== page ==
James Acaster: Reset - review
If you could press reset on your life, what would you do differently? If your answer is “nothing”, returning British comedian James Acaster might change your mind with his 2016 show.
Previewing Reset in the Southern Hemisphere before it stretches its legs at the Edinburgh Fringe Festival in August – where Acaster has routinely been met with critical acclaim and award nominations – he doesn’t hesitate to admit he’d forgotten how tough Auckland crowds can be.
Acaster is very British. He’s self-deprecating, dresses like the bookish underdog in a Richard Curtis film and observes the quirks and hypocrisies of everyday life with a uniquely British pedantry. To New Zealand audiences (I’m surmising as a British expat) he comes across as much more eccentric than he would in barmy Blighty.
Perhaps it’s this dynamic that put him on the back foot at The Classic on Saturday evening, where audience and performer didn’t quite seem to click. Acaster shared his own theories as to why the show didn’t go the uproarious way of recent Melbourne runs; at points we mistook silliness for sincerity, we didn’t seem to get the historical context of key material, he spoke too quietly, too slowly…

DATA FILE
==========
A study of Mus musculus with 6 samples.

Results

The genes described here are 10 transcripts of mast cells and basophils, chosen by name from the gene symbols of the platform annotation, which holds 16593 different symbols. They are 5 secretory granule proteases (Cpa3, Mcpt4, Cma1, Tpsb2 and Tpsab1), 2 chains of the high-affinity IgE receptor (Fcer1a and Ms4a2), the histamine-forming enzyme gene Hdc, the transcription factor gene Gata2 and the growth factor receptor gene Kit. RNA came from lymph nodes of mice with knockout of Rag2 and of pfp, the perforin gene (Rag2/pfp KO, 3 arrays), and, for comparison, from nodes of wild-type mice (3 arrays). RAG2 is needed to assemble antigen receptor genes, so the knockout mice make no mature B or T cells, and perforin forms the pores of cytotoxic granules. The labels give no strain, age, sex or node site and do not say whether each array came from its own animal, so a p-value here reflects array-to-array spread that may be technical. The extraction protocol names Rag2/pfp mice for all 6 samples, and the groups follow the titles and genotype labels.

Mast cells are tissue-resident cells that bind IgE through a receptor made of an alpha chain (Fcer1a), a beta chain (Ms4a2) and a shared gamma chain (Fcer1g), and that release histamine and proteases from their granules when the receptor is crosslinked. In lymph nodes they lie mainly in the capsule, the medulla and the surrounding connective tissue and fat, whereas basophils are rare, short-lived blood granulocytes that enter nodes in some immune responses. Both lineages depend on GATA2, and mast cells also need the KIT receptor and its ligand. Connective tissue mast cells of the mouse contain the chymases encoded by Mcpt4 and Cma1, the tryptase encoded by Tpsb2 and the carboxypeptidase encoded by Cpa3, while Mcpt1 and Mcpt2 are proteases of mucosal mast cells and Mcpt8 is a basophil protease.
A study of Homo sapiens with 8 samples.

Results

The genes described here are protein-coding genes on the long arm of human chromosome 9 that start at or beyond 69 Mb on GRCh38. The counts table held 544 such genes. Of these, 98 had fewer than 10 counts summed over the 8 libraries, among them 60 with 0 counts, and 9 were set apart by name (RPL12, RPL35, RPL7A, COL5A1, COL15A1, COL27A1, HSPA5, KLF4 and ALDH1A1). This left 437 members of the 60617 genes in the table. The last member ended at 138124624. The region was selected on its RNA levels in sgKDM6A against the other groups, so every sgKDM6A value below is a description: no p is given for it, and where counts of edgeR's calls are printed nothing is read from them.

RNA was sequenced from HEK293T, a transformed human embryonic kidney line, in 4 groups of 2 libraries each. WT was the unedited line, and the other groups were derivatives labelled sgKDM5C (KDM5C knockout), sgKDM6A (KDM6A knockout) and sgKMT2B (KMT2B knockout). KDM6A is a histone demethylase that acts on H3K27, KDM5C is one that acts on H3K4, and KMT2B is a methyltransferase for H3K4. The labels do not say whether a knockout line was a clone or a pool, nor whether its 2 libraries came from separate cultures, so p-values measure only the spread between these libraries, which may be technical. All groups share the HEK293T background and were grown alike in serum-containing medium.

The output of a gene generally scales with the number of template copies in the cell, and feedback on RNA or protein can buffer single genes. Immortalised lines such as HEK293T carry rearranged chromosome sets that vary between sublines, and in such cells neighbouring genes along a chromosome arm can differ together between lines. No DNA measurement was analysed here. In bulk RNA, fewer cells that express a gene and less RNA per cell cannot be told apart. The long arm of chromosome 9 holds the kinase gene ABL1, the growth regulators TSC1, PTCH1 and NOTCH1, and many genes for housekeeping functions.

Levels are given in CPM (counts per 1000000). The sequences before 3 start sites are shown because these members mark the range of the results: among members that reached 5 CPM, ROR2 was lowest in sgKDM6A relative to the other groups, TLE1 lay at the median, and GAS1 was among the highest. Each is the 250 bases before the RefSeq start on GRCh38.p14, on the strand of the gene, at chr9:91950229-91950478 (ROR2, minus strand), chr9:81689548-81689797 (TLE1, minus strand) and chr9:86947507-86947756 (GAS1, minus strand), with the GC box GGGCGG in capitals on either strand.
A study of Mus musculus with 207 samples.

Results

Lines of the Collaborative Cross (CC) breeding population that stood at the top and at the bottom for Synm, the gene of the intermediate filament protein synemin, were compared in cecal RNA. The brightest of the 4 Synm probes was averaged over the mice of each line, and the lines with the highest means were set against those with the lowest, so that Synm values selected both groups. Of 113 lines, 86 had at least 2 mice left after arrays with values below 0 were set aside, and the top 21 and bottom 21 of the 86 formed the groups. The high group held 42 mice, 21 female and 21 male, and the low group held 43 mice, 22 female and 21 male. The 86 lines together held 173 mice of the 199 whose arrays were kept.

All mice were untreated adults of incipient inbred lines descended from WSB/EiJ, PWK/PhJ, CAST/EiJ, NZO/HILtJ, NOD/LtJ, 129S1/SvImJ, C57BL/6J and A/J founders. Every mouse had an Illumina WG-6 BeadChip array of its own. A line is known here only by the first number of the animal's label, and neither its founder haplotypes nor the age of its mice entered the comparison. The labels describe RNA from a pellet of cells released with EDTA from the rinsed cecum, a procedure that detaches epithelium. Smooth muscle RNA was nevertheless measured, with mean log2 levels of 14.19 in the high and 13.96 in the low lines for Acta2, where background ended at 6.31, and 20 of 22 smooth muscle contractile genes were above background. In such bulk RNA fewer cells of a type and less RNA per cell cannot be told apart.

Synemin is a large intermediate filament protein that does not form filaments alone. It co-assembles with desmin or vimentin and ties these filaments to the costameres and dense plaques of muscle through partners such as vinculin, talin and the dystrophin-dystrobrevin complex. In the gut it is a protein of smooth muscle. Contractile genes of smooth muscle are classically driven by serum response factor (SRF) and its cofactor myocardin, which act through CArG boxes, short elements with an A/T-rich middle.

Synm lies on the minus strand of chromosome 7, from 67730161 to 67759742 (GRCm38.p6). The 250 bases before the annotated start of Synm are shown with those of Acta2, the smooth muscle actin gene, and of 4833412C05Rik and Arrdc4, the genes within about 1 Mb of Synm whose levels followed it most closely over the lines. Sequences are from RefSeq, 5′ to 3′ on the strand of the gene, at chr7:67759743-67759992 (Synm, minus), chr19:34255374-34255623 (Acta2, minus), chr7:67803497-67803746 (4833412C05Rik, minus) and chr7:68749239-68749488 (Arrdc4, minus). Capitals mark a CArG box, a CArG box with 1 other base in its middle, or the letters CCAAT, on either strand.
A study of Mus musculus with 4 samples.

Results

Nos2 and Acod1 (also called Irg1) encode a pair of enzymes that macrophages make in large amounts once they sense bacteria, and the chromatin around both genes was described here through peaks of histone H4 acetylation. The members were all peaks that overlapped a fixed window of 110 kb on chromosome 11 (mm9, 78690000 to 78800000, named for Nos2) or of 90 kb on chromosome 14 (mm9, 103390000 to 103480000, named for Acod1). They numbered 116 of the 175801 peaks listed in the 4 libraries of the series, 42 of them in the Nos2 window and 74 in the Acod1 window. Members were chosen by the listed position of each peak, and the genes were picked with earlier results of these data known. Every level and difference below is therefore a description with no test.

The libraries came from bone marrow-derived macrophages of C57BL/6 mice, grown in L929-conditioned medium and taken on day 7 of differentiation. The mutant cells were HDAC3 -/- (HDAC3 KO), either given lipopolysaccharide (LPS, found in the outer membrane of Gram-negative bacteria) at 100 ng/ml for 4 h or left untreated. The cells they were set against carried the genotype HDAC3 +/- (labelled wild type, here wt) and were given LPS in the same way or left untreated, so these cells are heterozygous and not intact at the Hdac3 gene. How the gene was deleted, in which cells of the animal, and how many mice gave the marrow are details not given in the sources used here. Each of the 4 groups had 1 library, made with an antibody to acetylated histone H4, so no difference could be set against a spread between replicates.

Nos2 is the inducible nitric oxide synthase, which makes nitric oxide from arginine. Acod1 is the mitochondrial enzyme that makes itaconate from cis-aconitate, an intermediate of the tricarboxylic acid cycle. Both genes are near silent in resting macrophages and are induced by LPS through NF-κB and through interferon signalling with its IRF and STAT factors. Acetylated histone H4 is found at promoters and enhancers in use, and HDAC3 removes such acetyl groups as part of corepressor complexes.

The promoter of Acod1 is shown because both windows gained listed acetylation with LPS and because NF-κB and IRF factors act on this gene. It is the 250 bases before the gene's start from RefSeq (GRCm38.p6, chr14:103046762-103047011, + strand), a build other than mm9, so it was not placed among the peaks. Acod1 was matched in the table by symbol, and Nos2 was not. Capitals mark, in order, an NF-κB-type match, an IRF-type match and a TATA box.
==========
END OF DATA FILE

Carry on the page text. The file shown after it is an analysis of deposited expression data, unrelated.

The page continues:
But was post-show rumination and self-criticism all part of the act? It had the hallmarks of the closed-circle storytelling we’ve come to expect from Acaster, where call backs are used so sophisticatedly they border on the profound.
Either way, he was far too hard on himself. This is a magnificent show, full of subtlety and brave restraint that has the audience engaged – arguably less audibly on this occasion than in previous shows – throughout. Acaster doesn’t slave over the theme either, venturing lovely tangents like one about the somnolent effects of the Kiwi idiom “boil the jug”. His razor-sharp improv skills, imaginative use of language and understated but always-compelling delivery mean that no matter how many times you hypothetically pressed reset on Reset, you’d still be in for an entertaining time.
Reset, 23-30 April and 3-7 May, The Classic. Book tickets.